NOTE This post is one in a series on Hadoop for .NET Developers.
In Hadoop, data processing is tackled through MapReduce jobs. A job consists of basic configuration information, e.g. paths to input files and an output folder, and are executed by Hadoop’s MapReduce layer as a series of tasks. These tasks have responsibility for first executing map and reduce functions in order to turn input data into output results.
To illustrate how MapReduce works, consider a simple input file consisting of tab-delimited records (on the far left of the diagram below). For illustrative purposes, each line will be labeled A through F.
A MapReduce job is specified against this input file and through some internal logic, let’s say MapReduce determines that records A through C should be executed by one map task (Map Task 0) and records D through F should be executed by another (Map Task 1).
When the MapReduce job was defined, a Mapper class was identified. The Mapper class is a class containing a map function. Each map task executes the map task against each input record so that Map Task 0 executes the map function three times, once against Record A, again against Record B, and once again against Record C. Similarly, Map Task 1 executes the map function against each of its three records D through F.
The map function is written to accept a single line of incoming data and is expected to emit output data in the form of key and value combinations. A typical map function emits a single key and value derived from the incoming data, but it is possible that the map function generates zero or multiple key and value combinations in response to the incoming data. In our example, there is a one-to-one correlation between input data lines and key-value combinations emitted by the map function.
What then should the keys and values emitted by the map function be? In our example, keys are identified as k1, k2, and k3 with various values associated with each. What is provided for the key and value by a given map function is totally up to the Mapper class developer, but typically the key is some value around which data can be grouped and the value is some input value – that can include a delimited list of values, an XML or JSON fragment, or something even more complex – that will be useful to the reduce function. If that isn’t 100% clear right now, then hopefully it will once we’ve covered the reduce function.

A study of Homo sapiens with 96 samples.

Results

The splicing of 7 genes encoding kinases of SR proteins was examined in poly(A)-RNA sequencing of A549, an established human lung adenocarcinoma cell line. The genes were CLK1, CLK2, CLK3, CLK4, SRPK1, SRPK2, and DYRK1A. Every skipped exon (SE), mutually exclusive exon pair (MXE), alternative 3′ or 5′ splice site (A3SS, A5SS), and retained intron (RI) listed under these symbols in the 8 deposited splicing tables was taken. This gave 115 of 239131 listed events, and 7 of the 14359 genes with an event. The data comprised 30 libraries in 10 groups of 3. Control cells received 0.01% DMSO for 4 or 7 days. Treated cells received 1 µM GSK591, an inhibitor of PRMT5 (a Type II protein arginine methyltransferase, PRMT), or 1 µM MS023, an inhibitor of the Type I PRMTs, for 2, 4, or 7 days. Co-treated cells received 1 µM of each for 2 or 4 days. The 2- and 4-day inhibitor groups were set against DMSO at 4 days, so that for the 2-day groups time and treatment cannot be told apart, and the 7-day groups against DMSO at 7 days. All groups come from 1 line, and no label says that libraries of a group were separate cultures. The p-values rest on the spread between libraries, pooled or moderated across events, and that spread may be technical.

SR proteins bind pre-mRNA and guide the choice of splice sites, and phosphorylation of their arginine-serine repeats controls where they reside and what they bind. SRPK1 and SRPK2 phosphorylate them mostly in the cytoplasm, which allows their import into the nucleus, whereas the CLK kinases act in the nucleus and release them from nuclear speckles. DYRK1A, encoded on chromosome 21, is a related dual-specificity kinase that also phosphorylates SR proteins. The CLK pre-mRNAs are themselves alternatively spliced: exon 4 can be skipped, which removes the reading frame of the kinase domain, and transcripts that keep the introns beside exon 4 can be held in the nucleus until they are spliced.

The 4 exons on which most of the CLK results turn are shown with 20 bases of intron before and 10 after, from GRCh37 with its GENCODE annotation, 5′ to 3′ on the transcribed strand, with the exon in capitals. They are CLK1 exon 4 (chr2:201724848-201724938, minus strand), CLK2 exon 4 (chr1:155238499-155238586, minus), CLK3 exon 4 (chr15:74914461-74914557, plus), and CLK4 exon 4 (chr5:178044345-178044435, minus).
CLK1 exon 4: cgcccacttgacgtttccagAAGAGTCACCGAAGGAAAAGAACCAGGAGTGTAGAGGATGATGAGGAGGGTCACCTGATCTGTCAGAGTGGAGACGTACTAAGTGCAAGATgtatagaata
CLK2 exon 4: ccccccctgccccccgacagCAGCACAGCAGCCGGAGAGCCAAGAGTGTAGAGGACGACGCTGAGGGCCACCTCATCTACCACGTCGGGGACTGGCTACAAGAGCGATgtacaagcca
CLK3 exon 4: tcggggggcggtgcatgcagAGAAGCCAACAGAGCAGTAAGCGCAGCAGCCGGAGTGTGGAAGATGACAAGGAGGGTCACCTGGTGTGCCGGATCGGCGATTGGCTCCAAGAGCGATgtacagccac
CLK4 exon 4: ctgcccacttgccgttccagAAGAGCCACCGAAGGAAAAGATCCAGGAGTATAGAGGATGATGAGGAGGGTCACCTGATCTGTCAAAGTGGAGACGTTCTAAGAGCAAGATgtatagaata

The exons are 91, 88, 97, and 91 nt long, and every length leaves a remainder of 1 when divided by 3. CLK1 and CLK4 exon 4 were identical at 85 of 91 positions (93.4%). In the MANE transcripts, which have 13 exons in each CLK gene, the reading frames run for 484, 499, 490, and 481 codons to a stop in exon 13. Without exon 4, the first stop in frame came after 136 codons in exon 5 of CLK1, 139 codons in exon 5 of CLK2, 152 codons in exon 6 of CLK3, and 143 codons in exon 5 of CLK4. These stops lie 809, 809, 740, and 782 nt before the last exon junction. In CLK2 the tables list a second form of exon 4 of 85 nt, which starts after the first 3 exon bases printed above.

Once the map tasks have completed their work, the data output from their various calls of the map function are sorted and shuffled so that all values associated with a given key are arrayed together. Reduce tasks are generated and keys and their values are handed over to the tasks for processing. In our example, MapReduce has generated two reduce tasks and handed the values for k1 and k2 to Reduce Task 0 and values for k3 to Reduce Task 1.
As part of the MapReduce job definition, a Reducer class was defined. This class contains a reduce function and this function is supplied a key value and its array of associated values for processing by the reduce task. The reduce function typically generates a summarized value derived across the array of values for the given key but as before the developer maintains quite a bit of flexibility in terms of what output is emitted and how it is derived.
The reduce function output for each reducer task is written to a file in the output folder identified as part of the MapReduce job’s configuration. A single file is associated with each reduce task so that in our example with two reduce tasks there are two output files produced. These files can be accessed individually but more typically they are combined into a single output file using the getmerge command (at the command line) or similar functionality.
If that explanation makes sense, let’s add a little complexity to the story. Not every job consists of both a Mapper and a Reducer class. At a minimum, a MapReduce job must have a Mapper class but if all the data processing work can be tackled through the map function, that will be the end of the road. In that scenario, the output files align with the map tasks and will be found with similar names in the output folder identified with the job configuration.
In addition, MapReduce jobs can accept a Combiner class. The Combiner class is defined like the Reducer class (and has a reduce function) but it is run on the data associated with a single map task. The idea behind the Combiner class is that some data can be “reduced” (summarized) before it is sorted and shuffled. Sorting and shuffling data to get it over to the reduce tasks is an expensive operation and the Combiner class can serve as an optimizer to reduce the amount of data moving between tasks. Combiner classes are by no means required and you should consider using them when you absolutely must squeeze performance out of our MapReduce job.